Local scientists are taking part in a nationwide march this Saturday to protest threats facing science programs.
Naomi Oreskes, who teaches the history of science at Harvard, says she will participate in the March for Science. She's worried about President Trump's repeated claims that climate change is a hoax and his plans to cut funding to multiple science agencies.
"This is a unique moment where science is under attack in a way that has never been seen in our lifetime," said Oreskes.
Another scientist joining the march is John Holdren, who spent eight years serving as Obama's chief science adviser. He's now teaching at Harvard and leading the Woods Hole Research Center. Holdren says the march sends a very important message to the community.
He joined Morning Edition to discuss the march and the issues facing the scientific community.
Holdren: Science is not just another profession full of workers who are worried about losing their jobs if federal government's support for science is slashed. Which, if President Trump’s budget is honored by Congress, it would be. But it is an essential ingredient in good government, and if there’s no science and technology advice in government, there are going to be some bad decisions made.
Oakes: But despite what you say, there will be people on the other end of the radio listening to this who are going to say this really is just scientists trying to protect their jobs and their funding.
Holdren: Well, I would say, first of all, if scientists were mainly interested in their salaries, they would probably be in another line of work. Most scientists could make a lot more money doing something else. Yes, scientists are a special interest group. Their interest is increasing understanding of ourselves, our world, our universe and applying those understandings to improve our economy, public health, the environment and national security, and I say those are interests that scientist could be proud of — not embarrassed by.
Oakes: In the White House budget plan, the Environmental Protection Agency, the National Science Foundation, the National Institutes of Health, also Department of Agriculture research, all might get cut. Can I ask what concerns you most?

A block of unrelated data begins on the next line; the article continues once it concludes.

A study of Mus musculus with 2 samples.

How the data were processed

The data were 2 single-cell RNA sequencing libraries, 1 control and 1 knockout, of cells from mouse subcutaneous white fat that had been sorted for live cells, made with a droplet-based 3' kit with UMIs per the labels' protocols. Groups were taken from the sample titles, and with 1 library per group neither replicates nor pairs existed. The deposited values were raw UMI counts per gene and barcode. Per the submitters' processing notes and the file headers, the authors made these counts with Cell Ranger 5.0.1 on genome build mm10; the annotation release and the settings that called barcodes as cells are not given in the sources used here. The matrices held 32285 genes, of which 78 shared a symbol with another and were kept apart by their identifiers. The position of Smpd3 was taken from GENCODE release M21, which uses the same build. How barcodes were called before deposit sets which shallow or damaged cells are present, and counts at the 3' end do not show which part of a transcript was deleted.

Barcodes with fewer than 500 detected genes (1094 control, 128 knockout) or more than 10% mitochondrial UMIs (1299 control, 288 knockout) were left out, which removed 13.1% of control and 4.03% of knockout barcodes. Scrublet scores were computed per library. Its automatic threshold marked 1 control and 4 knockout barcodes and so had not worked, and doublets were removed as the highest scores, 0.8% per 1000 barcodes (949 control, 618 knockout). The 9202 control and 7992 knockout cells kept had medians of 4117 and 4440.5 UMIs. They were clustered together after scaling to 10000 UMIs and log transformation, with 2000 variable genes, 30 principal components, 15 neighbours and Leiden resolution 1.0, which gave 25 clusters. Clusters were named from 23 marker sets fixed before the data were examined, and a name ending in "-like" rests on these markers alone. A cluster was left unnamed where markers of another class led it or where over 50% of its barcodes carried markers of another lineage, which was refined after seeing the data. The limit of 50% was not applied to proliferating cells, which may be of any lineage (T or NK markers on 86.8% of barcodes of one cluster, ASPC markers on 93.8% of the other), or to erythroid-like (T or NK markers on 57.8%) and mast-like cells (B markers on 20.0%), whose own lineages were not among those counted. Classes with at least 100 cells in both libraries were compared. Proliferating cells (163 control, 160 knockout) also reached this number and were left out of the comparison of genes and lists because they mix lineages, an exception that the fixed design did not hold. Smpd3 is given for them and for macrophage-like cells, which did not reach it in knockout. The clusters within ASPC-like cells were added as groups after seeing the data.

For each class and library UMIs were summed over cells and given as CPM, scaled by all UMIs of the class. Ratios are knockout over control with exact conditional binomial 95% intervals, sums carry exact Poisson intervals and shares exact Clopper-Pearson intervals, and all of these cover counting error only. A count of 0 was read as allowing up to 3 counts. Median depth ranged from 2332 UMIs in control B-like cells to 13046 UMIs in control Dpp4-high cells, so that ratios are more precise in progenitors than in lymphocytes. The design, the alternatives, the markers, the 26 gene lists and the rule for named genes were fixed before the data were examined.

Holdren: The federal government funds most of the basic research the fundamental research, which is the seed corn from which all applied innovation eventually is going to come. And if government research is cut back what that's going to mean above all is cutting back on basic research and cutting back on biomedical research.
I do very much hope that Congress will not accept a nearly $6 billion cut to the National Institutes of Health, which is, in the world, the driving force behind developing better therapies and, ultimately, cures for cancer; for developing better therapies and ultimate cures for Alzheimer's, for Parkinson's, for diabetes. I mean, the idea of cutting the budget of the world's leading biomedical research operation by $6 billion out of a budget of about $30 billion — so we're talking about a 20 percent cut at NIH — this would be nuts. And again, we have to hope that Congress won't do it. But the fact that the president wants to do it is telling us something very unsettling about his priorities.
Oakes: We spoke to former Obama Energy Secretary Ernest Moniz who said that he thinks Trump's plans to cut funding for science agencies may just pose a setback that is more or less temporary but I take it you don't quite see it that way.
Holdren: Well, first of all, if we're lucky the setbacks will be mostly temporary. But let me give you an example of a setback that would not be a temporary that could not be reversed. And that is, if we stopped collecting data on the state of our environment, the state of our climate, if as President Trump has proposed, we cancel various NASA satellite programs that are monitoring what's happening to greenhouse gasses in the atmosphere, what's happening to the ice in the Antarctic and in the Arctic, the gaps in data that are produced can never be restored. You can't go back in time and make those measurements again. They're gone forever. That will be very unfortunate for our understanding of what is happening in our world.
Oakes: What are you hoping the marches will accomplish? What's the end goal?
Holdren: We are, in the march, aiming for the broader public, to convey a message to the role of science and technology in society and, of course, through the public, Congress. I’ve made it very clear that my main hope about budgets is that Congress will not accept the proposals in President Trump’s budget for science.
Oakes: Should scientists, who are usually viewed as apolitical and objective, get involved in politics?
Holdren: In short, it’s yes. And the reason is that science is already politicized. A huge set of government decisions are already made in a political process, and if the scientific community, who have perhaps a better position than most to judge the stakes in these political decisions, is not willing to participate as citizens in that political process, then one of the most important voices will be absent.